Virgin Galactic is taking its space tourism ambitions to the next level, announcing that 1,000 tickets for trips aboard its space-touching aircraft were for sale on Wednesday.
The price point for the brief trips to the edge of space — $450,000 each — may push the Richard Branson-owned company, which can be seen as the third-place firm behind SpaceX and Blue Origin when it comes to hype into the pole position in the private space race.
Before prospective astronauts claim their ticket to the threshold between us and the great beyond, they will have to make a $150,000 deposit, paying the remaining $300,000 before stepping aboard. The six-figure sum isn't exactly pocket change, but it's the cheapest seat beyond the atmosphere. (SpaceX is sending four private citizens to the ISS on March 30 for a ten-day stay in a more substantial space affair. The cost for each is reportedly $55-million in the private mission.)
Conversely, the Virgin Galactic trip lasts 90 minutes and features "several minutes of out-of-seat weightlessness and breath-taking views of Earth."
Either way, the dawn of the space tourism industry has come.
"At Virgin Galactic, we believe that space is transformational," said Michael Colglazier, CEO of Virgin Galactic, in a statement released Tuesday.
"We plan to have our first 1,000 customers on board at the start of commercial service later this year, providing an incredibly strong foundation as we begin regular operations and scale our fleet."
Virgin Galactic's first public flight will take off from its New Mexico base once multiple days of intensive astronaut training are finished, in addition to "custom accommodations" and "world-class amenities." Okay, maybe the training won't be that hard.
Virgin Galactic does not have to lift 1,000 people to outpace rivals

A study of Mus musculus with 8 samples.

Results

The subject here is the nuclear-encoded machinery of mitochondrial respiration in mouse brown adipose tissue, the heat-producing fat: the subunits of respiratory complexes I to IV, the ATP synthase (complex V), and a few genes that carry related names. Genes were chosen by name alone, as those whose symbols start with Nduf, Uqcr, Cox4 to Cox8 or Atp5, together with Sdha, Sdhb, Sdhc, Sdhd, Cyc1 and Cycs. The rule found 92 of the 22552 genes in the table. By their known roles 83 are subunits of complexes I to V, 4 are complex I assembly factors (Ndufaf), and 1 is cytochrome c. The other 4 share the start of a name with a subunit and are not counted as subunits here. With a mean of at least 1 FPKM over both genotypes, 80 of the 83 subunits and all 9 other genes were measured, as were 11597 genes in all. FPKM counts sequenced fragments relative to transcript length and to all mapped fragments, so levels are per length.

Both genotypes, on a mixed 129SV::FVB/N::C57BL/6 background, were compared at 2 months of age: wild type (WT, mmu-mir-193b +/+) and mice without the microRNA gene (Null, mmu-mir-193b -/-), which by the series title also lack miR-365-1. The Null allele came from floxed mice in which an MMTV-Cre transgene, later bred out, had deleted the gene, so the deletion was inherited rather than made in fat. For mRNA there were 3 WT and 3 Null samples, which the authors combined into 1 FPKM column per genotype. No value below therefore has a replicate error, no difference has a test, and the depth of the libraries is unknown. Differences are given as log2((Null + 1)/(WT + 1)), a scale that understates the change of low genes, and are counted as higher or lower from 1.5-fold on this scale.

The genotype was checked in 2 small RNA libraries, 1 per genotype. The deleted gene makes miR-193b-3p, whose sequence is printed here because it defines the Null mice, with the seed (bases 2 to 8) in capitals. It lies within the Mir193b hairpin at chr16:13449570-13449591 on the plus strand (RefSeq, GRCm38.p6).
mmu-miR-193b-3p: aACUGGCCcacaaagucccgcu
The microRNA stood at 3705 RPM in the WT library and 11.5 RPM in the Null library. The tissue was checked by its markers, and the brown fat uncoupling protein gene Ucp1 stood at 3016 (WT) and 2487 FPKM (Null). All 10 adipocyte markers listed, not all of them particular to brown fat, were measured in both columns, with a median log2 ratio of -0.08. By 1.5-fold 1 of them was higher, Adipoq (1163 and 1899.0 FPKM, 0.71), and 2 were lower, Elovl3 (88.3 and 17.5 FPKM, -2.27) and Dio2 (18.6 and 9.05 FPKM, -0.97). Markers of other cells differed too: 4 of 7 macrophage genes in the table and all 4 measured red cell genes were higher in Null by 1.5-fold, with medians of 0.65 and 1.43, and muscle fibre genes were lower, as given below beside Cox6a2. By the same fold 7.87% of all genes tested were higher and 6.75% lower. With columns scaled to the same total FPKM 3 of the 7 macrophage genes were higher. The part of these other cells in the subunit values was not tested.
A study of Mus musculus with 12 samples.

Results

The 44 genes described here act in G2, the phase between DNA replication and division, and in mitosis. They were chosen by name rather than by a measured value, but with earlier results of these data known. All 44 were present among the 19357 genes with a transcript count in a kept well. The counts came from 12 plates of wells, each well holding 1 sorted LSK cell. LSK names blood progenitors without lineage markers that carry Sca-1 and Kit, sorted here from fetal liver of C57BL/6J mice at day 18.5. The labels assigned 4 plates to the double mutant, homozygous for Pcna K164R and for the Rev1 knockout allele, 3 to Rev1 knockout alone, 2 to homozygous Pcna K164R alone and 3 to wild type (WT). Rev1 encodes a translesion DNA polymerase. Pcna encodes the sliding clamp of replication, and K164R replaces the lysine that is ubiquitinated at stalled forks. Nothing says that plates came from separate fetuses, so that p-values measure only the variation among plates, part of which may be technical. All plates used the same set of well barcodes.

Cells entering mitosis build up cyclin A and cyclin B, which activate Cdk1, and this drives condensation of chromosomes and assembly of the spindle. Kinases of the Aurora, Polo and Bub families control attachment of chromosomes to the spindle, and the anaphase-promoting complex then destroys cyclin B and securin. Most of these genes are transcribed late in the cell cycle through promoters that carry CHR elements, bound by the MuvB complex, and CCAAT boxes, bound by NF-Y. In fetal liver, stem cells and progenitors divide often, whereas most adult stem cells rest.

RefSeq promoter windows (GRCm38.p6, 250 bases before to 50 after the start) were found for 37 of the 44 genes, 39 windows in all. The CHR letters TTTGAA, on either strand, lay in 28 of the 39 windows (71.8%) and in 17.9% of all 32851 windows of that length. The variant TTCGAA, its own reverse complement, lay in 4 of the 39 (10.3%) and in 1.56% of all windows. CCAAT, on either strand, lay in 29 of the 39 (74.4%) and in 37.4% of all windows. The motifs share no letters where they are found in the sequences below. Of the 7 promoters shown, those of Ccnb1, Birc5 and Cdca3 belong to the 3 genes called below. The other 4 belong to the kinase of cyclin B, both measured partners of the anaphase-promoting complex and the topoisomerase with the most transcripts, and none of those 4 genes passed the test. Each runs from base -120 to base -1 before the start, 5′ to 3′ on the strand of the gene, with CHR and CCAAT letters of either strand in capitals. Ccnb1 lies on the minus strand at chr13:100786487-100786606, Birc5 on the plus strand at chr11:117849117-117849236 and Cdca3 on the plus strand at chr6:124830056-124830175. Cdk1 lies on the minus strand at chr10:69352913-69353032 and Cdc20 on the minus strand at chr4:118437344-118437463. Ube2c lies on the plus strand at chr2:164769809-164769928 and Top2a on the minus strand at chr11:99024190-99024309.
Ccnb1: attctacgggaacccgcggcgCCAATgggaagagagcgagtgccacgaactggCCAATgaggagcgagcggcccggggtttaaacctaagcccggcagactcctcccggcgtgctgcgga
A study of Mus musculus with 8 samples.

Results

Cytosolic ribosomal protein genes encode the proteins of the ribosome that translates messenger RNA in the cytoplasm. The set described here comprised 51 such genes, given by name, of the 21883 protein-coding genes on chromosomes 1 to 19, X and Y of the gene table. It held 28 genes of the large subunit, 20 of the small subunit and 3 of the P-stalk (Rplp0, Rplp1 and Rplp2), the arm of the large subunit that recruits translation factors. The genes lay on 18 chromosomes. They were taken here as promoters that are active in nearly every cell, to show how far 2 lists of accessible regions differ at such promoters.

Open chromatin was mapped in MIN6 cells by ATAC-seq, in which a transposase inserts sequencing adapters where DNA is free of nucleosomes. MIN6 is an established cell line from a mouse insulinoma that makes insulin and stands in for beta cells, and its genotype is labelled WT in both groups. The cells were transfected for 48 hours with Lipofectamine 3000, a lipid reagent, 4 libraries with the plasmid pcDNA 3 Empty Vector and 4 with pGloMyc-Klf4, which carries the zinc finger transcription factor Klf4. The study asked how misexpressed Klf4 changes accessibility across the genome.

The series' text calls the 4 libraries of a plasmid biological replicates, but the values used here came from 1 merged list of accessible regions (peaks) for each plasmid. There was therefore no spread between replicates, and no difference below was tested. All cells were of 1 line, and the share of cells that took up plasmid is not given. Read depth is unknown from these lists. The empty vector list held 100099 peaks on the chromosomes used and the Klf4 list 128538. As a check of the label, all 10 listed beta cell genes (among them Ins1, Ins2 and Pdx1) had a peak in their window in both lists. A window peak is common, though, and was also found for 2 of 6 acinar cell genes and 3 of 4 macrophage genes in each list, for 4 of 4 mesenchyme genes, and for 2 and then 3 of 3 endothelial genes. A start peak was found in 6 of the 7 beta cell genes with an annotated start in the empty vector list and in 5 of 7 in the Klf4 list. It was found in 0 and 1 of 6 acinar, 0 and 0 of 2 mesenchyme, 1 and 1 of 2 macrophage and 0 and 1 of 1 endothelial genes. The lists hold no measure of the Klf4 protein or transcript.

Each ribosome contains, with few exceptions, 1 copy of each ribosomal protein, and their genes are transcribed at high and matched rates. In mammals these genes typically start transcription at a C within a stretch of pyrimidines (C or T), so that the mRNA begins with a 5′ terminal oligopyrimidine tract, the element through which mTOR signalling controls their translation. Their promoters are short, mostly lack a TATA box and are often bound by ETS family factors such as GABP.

The billionaire underdog also rebranded his aerospace firm — from the iris of Sir Richard Branson to an illustration of its vehicle, the VSS Unity, tinged purple.
Currently, Virgin Galactic has only one operational spaceplane, the VSS Unity, which debuted to the world in 2016. Unlike SpaceX's Starship or Blue Origin's New Shepard rocket, which both launch from the ground, the VSS Unity is lifted to roughly 49,000 feet by a gigantic carrier aircraft called White Knight Two. After reaching that altitude, the smaller vehicle is dropped and ignites its engine and rockets into space.
After offering passengers several minutes of zero-gravity bliss, it simply glides down to the runway, like a conventional aircraft. A recently finished second vehicle, the VSS Imagine, debuted in March 2021, with a third spacecraft, the VSS Inspire, still in development.
Virgin Galactic might need more than three operational vehicles to meet its ambitious volume goals. Still, if it manages to lift even half of its projected 1,000-astronaut docket into space in 2022, Virgin Galactic would be far ahead of both Blue Origin and SpaceX when it comes to passengers.
Blue Origin's New Shepard takes the most similar trajectory to Virgin Galactic — simply flying paying passengers to the edge and space and back, without a sustained stay. So far, Blue Origin has lifted 14 people to the edge of space, including Bezos himself, his brother, and the Star Trek legend William Shatner.
On the other hand, SpaceX has only lifted four non-astronauts to space aboard its Inspiration4 mission in September 2021. But with Starship going orbital as soon as March, Musk's aerospace firm is about to hit the accelerator: On Monday, Jared Isaacman's Polaris Program announced that it would fund three crewed missions on SpaceX's Starship. However, these missions "will demonstrate new technologies, conduct extensive research, and ultimately culminate in the first flight of SpaceX's Starship with humans on board," according to a tweet from Polaris. They aren't exactly joyrides.
All of this is to say that in competing with 14 people lofted by Blue Origin, and only four from SpaceX (not counting multiple missions for NASA to the ISS), Branson's Virgin Galactic could surpass both SpaceX and Blue Origin in the nascent space tourism industry.
And if it does, it might signal an impending price drop in the tickets, which could change everything.